We are pleased to re-blog this great post from Kids, Cows, and Grass in its entirety, with Debbie’s permission. Kids, Cows, and Grass is written by Debbie Lyons-Blythe, a cattle rancher in central Kansas, in the heart of the Flint Hills. Her blog is a wealth of information about how she and her family raise cattle. If you don’t already follow her, we highly suggest you do! Now on to your regularly scheduled programming…
A cow’s tongue is an amazing body part. A cow only has front teeth on the bottom of their mouth–the top is a hard pad, but no teeth. So in order to eat grass, a cow can’t bite it off like a horse, but they must rip it off with their tongue. So the grass must be tall enough for a cow to get a “grip” on it with her tongue, and then pull it into her mouth. She does have molars on the top and bottom, so she can grind the grass up. But first, the grass is rolled into a ball called a “bolus” and swallowed nearly whole. It goes into her largest stomach, the rumen, where it is partially broken down by bacteria and enzymes in the rumen. When a cow grazes, she busily tears grass and swallows it. Later she will lie down and relax and chew her cud–which means she regurgitates the boluses back into her mouth to chew them again. The chewed up grass then progresses through the other compartments of her stomach: the reticulum, omasum and abomasum.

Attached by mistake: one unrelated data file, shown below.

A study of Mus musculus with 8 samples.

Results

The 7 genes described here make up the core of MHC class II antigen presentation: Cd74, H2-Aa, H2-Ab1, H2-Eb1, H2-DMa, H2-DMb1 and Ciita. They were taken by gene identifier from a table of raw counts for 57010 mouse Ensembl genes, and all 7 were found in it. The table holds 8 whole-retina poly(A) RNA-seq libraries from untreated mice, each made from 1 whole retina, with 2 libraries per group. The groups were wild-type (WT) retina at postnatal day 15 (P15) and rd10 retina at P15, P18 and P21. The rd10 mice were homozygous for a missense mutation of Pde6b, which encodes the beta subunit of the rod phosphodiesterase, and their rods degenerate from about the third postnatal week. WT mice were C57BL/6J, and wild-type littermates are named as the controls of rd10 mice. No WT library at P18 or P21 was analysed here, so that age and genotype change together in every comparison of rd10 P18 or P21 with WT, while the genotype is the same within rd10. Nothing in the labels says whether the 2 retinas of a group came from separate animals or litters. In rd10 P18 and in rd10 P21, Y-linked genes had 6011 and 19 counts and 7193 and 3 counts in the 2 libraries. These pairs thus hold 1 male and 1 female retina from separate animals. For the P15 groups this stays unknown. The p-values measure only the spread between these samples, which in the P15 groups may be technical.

Cows use their tongues for other things too–like licking their calves dry at birth. When a newborn calf is born, a cow immediately gets to her feet and begins licking him. This encourages circulation and respiration, and dries him at the same time.
After a calf grows, his mama continues to groom him with her tongue. You might even find cows licking each other on the head or neck. When a cow has an itch, she will use her tongue to scratch it! A cow’s tongue is very rough–nearly like sandpaper. Cows don’t lap water, but they may play in it with their tongue. To drink they suck the water up through their mouth.
When my kids show cattle, their calves often lick them for the salt in their sweat on their arms. It is not a sign of affection for a cow to lick a person, but it seems that way! I have never eaten cow tongue, but I know many cultures do value it. I found numerous recipes for it through a google search, but I haven’t tried any of them.